US U20 MNT 1-2 Mexico: 3 Takeaways

US U20 MNT 1-2 Mexico: 3 Takeaways
by Tom Hindle
September 25, 2022

Quinn Sullivan turned his head to the sky, grimacing, breaking out into a half jog as he was substituted late in the second half of the US U20 YNT’s clash against Mexico. It was an expression emblematic of the US’ performance, one in which Mikey Varas’ team had control, but failed to capitalize.

Paxten Aaronson and Diego Luna combined well in the opening stages, forcing Mexico goalie Jose Eulogio Téllez into an early save. More US chances followed, including a shot from Sullivan that rattled the crossbar. But for all of the looks, Mexico capitalized first, with Christian Torres finishing a well worked counter attack with a clinical finish. Its second followed five minutes later, as Joshua Mancha whipped a free into the top corner from 20 yards out.

And the US never really recovered. It clawed one back from the spot in the 36th minute after a handball gifted the US a penalty. But chances from open play were few, with a sturdy Mexico defense keeping Varas’ squad mostly away from goal. The 2-1 defeat, then, was perhaps a fair one, with Mexico striking twice before putting on a defensive clinic.

Here are three takeaways from the US loss.

The lack of a true striker showed

A lot has been made of the U 20’s lack of a clear striker. Thus far, Varas has been happy to switch between Aaronson, Jackson Hopkins and occasionally Kevin Paredes in a central role. It’s a spot hastily dubbed a false 9. Though all three are comfortable on the ball — and can pick a pass — they sometimes lack the innate ability to link play and drop deep that so often defines the position. And it showed Saturday night. As the US searched for an equalizing goal, Aaronson pushed forward, leaving the duo of Luna and Alvarado to create — but lacking a target to hit. Full backs Mauricio Cuevas and Caleb Wiley were similarly frustrated, swinging crosses into the box without a reliable presence to meet the ball.

This is, perhaps, too easy of a fault to pick out; every team needs a reliable goalscorer. But in tight games like these, having a natural striker is even more important. And for all of Aaronson’s clever runs and timely darts, he isn’t that player. At its best, the US attack flows freely. But when the opposition closes gaps, prevents runs, and squeezes space, the lack of a proper striker becomes a real problem.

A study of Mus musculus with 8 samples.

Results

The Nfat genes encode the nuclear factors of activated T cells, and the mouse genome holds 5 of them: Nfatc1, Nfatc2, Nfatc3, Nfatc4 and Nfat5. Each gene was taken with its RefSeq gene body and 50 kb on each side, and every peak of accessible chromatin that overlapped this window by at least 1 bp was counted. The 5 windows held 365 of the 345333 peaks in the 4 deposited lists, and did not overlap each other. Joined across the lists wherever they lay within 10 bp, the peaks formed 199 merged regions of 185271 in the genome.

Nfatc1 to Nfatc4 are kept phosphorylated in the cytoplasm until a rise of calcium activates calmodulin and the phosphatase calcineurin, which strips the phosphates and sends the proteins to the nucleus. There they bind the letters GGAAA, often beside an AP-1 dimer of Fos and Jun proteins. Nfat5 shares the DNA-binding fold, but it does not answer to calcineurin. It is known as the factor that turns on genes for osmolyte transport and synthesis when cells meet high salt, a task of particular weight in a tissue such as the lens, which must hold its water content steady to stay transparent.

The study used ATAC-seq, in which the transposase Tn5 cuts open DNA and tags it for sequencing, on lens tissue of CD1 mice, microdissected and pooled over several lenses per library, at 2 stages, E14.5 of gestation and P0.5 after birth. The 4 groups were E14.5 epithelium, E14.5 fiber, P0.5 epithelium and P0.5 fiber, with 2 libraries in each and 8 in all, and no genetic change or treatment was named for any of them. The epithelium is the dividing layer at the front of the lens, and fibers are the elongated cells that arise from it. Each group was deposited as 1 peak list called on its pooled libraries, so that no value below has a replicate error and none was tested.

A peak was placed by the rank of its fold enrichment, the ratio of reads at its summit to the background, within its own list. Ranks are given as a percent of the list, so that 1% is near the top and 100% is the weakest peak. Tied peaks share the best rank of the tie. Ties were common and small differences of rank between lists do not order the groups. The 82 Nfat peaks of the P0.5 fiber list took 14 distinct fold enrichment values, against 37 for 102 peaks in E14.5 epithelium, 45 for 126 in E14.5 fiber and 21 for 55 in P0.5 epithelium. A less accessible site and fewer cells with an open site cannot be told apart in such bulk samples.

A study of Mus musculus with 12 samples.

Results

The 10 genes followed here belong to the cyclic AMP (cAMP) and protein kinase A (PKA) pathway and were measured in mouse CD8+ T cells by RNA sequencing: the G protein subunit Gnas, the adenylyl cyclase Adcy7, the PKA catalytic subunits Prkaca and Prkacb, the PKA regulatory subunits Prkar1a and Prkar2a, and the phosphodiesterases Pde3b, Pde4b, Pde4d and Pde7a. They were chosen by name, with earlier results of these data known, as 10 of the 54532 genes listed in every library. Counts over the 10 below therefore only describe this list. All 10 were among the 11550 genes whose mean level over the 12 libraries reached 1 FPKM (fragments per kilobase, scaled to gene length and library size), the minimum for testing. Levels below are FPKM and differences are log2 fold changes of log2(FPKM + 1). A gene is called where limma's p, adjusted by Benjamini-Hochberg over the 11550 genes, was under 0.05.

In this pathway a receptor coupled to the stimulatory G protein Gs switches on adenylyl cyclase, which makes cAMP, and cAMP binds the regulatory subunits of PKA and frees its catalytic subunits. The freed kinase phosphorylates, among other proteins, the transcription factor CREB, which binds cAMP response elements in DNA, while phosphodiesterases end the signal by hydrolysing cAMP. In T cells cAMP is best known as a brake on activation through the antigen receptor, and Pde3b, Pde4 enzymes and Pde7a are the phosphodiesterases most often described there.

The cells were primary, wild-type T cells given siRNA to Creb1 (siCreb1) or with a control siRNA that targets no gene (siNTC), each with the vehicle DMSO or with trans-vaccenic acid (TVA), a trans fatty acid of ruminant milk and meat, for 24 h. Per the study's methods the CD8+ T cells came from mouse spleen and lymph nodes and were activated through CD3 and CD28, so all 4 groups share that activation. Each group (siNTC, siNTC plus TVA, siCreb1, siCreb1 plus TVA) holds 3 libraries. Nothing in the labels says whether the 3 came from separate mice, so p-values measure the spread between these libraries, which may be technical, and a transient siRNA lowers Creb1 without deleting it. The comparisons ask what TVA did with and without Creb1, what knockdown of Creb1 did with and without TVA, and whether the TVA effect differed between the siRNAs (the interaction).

The US can be hit on the break

Varas’ squad tends to keep the ball very effectively. Daniel Edelman is a wonderfully effective deep lying midfielder, who can advance the ball between the lines, or link up with advancing full backs. Luna is a gliding presence, smooth on the ball and quick enough to take opponents out of the game with every direct dribble. Alejandro Alvardo offers much of the same, able to create or take on opponents.

When the US loses the ball, though, it doesn’t quite look as comfortable. Mexico set up in a fairly simple 4-4-2, with its two strikers pressing the ball while the rest of the team sat organized behind the ball. And when it won the ball back, the Mexico attack flowed freely. Luna and Alvardo were caught in transition, while both US full backs found themselves running towards their own goal. Mexico set up its system perfectly in that sense, exploiting the moments in which the US was at its most uneasy. But the lack of defensive cover was concerning, with Edelman often getting pulled out of position by two advancing center midfielders. This is, of course, credit to a direct Mexico attack, too, with Joshua Mancha and Saúl Zamora putting in fine performances on either wing. Still, the ease with which they were able to create was glaring.


This wasn’t a terrible 90 minutes for the U20s. The Revelations Cup — despite the inherent appeal of its eye-catching name — is little more than three exhibition matches. And in a tournament where performances perhaps outweigh results, there was a lot to like here. Christopher Brady was fantastic in goal throughout, producing four big saves and distributing calmly. Edelman also looks more promising with every game as a no. 6, and produced a fine performance in and out of possession. Luna was typically energetic and silky on the ball — while also moving the ball at the right time. And though Aaronson is limited through the middle, his pressing and willingness to run in behind caused some problems in the early goings. Cuevas was also typically reliable, as was Neal.

It’s also worth noting that at 0-0, this looked like the US’ game. It had three clear chances within the first 15 minutes, and also hit the woodwork. Although a lot of analysis pointed out the flaws in a loss, this is an interesting group, one that might well produce some names for the future — and have some success of its own, too.